The agricultural industry often portrays itself as self-made, pristine, and essential for feeding the world. However, hidden beneath this facade lies the truth: farmworkers play a huge, essential part of the industry’s success. It is the farmworkers who tirelessly harvest, process, and package the produce that eventually reaches our tables. Despite being the backbone of the industry, these essential workers are unfortunately not treated as such.
During my enriching summer as the ITF intern in the Farmworker Unit at Legal Aid of North Carolina, working alongside the esteemed Student Action with Farmworkers (SAF), I encountered numerous distressing stories of the appalling mistreatment faced by farmworkers. These stories range from exploitative recruitment practices and wage theft to instances of sexual assault, threats of deportation, and the denial of access to vital medical attention. It is a grim reality that is often overlooked and ignored.
The With the Farmworker Unit staff, I conducted outreach visits in various counties and some of the farmworkers that we spoke reported experiencing wage theft. Our visits involved engaging with farmworkers, providing them with essential resources, and empowering them with booklets that included a table to track their hours worked. According to the regulations governing the H-2A program, the 2023 Adverse Effect Wage Rate, the minimum wage rate that employers have to pay H-2A workers in North Carolina is $14.91 per hour. Growers and contractors using the H-2A program to fill their labor needs have to pay farmworkers at least this minimum wage per hour, even if those workers would be earning less under strictly piece-rate pay. The tables in the outreach booklets help farmworkers to record their hours worked and verify if they are getting credit for all of these hours in their weekly pay.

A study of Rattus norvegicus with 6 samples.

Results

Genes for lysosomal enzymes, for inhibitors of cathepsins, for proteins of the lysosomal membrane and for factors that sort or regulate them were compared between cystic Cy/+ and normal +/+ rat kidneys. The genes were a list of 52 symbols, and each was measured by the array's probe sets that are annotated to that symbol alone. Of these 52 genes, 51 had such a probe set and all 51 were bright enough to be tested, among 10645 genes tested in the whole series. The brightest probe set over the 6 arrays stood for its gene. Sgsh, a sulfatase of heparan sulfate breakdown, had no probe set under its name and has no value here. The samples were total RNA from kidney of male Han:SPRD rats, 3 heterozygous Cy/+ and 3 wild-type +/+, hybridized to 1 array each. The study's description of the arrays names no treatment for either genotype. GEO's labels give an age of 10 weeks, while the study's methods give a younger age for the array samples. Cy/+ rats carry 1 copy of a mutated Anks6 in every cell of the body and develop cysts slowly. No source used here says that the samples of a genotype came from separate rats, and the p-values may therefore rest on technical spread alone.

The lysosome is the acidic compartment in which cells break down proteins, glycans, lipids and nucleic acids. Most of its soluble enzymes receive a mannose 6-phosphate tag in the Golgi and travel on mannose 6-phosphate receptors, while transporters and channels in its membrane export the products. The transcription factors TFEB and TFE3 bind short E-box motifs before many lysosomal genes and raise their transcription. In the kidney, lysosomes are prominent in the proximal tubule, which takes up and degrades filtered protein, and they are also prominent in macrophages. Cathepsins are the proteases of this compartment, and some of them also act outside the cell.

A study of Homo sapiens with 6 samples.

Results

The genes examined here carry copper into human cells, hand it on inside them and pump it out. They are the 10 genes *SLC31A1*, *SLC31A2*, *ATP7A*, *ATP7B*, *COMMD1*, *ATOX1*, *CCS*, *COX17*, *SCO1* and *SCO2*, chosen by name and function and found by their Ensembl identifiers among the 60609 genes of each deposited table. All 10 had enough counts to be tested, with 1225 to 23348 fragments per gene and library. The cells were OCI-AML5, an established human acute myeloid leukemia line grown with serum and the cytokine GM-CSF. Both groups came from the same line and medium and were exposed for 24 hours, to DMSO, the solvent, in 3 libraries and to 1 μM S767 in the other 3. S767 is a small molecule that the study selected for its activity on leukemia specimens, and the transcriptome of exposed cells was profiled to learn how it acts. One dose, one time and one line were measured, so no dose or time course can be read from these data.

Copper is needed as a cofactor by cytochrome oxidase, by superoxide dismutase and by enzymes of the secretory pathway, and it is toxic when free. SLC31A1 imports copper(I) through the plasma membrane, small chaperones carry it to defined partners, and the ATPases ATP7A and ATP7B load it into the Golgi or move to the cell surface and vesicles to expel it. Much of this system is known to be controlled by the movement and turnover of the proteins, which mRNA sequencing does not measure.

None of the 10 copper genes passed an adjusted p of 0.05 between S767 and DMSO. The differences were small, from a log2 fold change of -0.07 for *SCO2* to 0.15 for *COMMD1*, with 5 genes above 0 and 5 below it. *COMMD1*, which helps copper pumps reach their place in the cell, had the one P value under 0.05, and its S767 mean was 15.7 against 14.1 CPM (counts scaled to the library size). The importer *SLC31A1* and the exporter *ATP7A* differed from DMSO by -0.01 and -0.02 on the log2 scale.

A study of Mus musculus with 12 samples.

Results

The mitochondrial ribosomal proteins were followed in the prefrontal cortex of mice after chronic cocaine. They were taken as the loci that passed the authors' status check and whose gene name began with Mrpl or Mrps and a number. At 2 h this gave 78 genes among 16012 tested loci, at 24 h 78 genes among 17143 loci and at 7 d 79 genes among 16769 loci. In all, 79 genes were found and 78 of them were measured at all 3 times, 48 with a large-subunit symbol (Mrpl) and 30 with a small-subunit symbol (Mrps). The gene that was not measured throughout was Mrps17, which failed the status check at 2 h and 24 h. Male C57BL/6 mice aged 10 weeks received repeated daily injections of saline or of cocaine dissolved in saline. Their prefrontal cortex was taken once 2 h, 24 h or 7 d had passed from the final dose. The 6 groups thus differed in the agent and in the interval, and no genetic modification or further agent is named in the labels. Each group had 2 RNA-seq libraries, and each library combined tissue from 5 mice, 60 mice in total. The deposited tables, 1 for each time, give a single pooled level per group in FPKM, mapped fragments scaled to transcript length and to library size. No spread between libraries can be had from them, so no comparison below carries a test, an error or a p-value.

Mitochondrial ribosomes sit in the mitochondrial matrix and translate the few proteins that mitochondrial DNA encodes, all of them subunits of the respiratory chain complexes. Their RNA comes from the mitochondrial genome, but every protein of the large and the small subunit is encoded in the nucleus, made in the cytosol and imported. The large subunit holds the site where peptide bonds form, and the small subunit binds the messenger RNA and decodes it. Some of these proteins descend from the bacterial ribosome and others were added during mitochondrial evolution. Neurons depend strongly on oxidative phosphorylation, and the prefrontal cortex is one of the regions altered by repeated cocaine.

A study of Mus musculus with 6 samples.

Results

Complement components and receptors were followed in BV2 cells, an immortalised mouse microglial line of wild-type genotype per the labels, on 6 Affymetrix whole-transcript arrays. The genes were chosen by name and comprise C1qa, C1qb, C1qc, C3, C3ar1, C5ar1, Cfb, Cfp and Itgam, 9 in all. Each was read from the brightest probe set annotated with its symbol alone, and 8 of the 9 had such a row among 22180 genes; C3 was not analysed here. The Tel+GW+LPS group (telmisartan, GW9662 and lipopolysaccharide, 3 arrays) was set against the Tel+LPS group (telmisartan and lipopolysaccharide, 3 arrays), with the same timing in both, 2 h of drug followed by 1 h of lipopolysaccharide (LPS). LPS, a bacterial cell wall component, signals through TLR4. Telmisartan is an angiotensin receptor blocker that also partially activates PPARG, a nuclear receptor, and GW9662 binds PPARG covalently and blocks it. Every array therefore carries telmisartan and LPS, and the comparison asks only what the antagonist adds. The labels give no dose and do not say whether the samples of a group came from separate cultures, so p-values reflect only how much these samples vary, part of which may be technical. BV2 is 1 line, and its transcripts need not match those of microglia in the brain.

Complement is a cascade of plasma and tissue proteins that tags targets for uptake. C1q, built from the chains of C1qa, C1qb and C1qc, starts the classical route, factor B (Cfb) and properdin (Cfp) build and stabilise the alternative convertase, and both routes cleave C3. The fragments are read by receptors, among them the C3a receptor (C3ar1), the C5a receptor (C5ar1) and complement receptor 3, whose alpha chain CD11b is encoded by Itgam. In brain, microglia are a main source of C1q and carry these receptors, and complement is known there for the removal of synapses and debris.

My involvement with SAF and the Farmworker Unit had a significant positive impact on the farmworker community. Through SAF theater performances, we provided farmworkers with much-needed moments of respite from their arduous work. Engaging in dinners and conversations allowed us to establish meaningful connections and provide a safe space for them to share their questions and concerns. Then, through Farmworker Unit visits to camps, whether in trailers, houses, or renovated schools and churches, I felt as if these visits left an indelible positive mark on the lives of these hardworking individuals because, whether they followed the Farmworker Unit Facebook page or simply engaged in conversation, they now know they have someone to turn to for information and support.
My experience in North Carolina this summer has solidified my passion for advocating on behalf of migrant workers. I am committed to utilizing the skills I have acquired here to serve other organizations in my home state of Idaho, as well as in Washington, Oregon, and Michigan. Outreach has taught me the importance of stepping out of my comfort zone, as it opens up unforeseen opportunities for personal growth and, most importantly, allows me to be of service to those who need it the most.